Scale and K-V store API

Hello all,

I had two somewhat unrelated questions about the current state of crdb.

  1. What is the scalability limit in terms of
    a. Number of nodes a single crdb cluster
    b. Expected throughput, say from a single node - assuming just simple single row updates (or a batch of rows within the same range .i.e. no 2pc distributed transactions)

  2. Is it possible to use crdb as a pure K-V store, without any SQL layer on top? Is the distributed K-V layer exposed in the API to clients? If not, is it easy to add that support?


Thanks for your questions, @ashwinmurthy.

The answer to #2 is that it’s not possible to access the kv layer directly at this time, and I don’t think it’s on our roadmap to expose it. However, you can get essentially the same thing by creating a SQL table with two columns, k and v, and set k as the primary key.

@dianasaur323 should be able to help answer #1.

@ashwinmurthy In terms of scalability, we have spun up a 100 node cluster before. For context though, our 1.0 plan will support running a stable 64 node cluster.

Regarding your question on throughput, we are still doing work this quarter on running benchmarks against CockroachDB, and will figure out how to share these metrics soon. What are your throughput requirements? Based on your needs, I can give you a ballpark on whether or not it should work.

@dianasaur323, thanks for the info. Currently, we use Cassandra but are exploring crdb since we want strongly consistent semantics it offers. Our Cassandra clusters are currently 100 nodes but they can get bigger in the future. A single node is like 4x2TB SSD.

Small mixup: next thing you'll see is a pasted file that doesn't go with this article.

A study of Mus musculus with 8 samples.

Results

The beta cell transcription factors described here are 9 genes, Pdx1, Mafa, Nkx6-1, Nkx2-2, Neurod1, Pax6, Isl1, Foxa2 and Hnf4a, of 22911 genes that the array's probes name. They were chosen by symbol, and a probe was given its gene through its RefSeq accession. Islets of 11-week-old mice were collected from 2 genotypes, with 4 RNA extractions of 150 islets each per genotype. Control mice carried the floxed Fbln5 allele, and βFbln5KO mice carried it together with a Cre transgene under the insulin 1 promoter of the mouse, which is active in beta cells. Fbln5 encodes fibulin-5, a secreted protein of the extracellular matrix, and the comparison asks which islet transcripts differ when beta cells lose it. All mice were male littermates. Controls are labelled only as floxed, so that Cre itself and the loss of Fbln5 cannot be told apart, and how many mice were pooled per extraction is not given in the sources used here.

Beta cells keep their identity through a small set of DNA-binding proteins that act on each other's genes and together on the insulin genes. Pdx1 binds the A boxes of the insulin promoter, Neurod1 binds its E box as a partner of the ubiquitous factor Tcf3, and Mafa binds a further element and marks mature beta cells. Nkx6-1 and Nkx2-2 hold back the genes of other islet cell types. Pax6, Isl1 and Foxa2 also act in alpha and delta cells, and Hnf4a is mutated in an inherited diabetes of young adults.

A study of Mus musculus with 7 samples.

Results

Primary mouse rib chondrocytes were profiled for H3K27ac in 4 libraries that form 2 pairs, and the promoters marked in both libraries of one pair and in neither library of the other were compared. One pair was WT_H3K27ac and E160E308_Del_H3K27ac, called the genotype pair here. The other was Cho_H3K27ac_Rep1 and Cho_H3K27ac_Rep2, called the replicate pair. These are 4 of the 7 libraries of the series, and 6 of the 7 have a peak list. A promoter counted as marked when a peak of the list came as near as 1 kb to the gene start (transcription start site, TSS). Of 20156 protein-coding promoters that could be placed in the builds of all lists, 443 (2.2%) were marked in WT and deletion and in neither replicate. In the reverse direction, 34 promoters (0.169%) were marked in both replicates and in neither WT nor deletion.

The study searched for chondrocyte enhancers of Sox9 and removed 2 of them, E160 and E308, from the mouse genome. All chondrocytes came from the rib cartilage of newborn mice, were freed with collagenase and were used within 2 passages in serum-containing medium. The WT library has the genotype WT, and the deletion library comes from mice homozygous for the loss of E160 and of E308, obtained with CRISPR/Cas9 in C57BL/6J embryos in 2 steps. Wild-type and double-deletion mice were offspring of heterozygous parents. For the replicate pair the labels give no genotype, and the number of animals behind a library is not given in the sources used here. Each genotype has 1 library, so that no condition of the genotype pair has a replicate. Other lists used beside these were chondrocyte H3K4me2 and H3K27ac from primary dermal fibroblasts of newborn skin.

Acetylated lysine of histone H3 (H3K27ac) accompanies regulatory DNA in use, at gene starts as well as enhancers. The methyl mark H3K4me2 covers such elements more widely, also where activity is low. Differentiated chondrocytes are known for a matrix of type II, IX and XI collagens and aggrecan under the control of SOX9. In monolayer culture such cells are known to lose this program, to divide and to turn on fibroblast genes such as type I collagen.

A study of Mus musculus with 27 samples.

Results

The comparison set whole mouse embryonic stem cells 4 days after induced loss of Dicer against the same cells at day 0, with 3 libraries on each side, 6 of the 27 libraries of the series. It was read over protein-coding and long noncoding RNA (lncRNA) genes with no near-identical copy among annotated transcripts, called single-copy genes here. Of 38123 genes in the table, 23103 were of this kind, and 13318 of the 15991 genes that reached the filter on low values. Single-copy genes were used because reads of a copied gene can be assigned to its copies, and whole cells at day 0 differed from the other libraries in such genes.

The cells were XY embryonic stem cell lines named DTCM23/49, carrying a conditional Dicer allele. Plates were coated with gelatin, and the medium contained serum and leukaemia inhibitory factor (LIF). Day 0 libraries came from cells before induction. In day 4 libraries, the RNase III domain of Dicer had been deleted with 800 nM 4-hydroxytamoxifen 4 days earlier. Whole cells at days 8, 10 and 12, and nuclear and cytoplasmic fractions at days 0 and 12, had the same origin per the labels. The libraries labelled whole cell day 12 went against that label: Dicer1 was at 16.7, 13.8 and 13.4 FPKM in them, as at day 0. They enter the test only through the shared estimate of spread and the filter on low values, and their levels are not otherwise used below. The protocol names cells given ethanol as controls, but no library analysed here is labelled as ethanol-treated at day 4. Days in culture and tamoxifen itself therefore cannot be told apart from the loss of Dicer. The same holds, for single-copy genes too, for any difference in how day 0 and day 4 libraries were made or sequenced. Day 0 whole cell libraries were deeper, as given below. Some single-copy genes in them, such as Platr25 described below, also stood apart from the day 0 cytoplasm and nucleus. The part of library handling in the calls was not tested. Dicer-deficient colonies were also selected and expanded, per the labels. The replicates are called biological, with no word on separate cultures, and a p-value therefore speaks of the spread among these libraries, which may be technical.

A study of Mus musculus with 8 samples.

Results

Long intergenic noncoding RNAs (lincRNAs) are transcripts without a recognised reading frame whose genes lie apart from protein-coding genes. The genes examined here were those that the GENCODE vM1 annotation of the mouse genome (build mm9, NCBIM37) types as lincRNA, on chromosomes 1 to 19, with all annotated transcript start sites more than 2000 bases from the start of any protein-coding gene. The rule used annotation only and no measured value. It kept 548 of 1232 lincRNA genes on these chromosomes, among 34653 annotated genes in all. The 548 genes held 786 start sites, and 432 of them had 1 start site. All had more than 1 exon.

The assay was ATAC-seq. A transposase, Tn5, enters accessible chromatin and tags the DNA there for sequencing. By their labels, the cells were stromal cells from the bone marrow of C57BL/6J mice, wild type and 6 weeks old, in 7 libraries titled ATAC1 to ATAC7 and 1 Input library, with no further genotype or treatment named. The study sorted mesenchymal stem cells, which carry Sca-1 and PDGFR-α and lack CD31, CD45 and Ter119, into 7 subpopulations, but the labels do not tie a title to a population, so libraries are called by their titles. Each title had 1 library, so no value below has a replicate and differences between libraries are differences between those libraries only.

Is the 64 node cluster limit a function of what kind of workload one has? i.e. if I am doing lots of 2PC distributed transactions vs my workload is purely single row updates (in a K-V sense)?

What is the main scalability bottleneck today in crdb?

@ashwinmurthy 64 nodes is not a limit on the cluster size, simply the size of clusters we’re committing to test and have running smoothly. Larger clusters should work, and as @dianasaur323 mentioned, we’ve tested a 100 node cluster before. It is possible there will be a few implementation hiccups as the cluster size increases, but I don’t foresee any significant problems until we get to cluster sizes closer to 1000 nodes.

Performance of small KV operations (values smaller than 100 bytes) is dominated by the CPU. We need to do more extensive testing and characterization here, but some recent testing showed 10k inserts/sec on a single 32 CPU machine.

Distributed transactions vs single row updates do not affect scalability. The single row updates will be faster than the distributed transactions, but in either case, assuming your data is sufficiently sharded at the application level, CockroachDB will scale.

Performance and scalability are ongoing efforts. I’m not sure what I would characterize as the main bottleneck today. Perhaps the scalability of the application workload. Specifically, CockroachDB currently works best if the application workload has low contention and some natural partitioning of the data (e.g. by user or customer or account). Improving high contention scenarios is on our roadmap.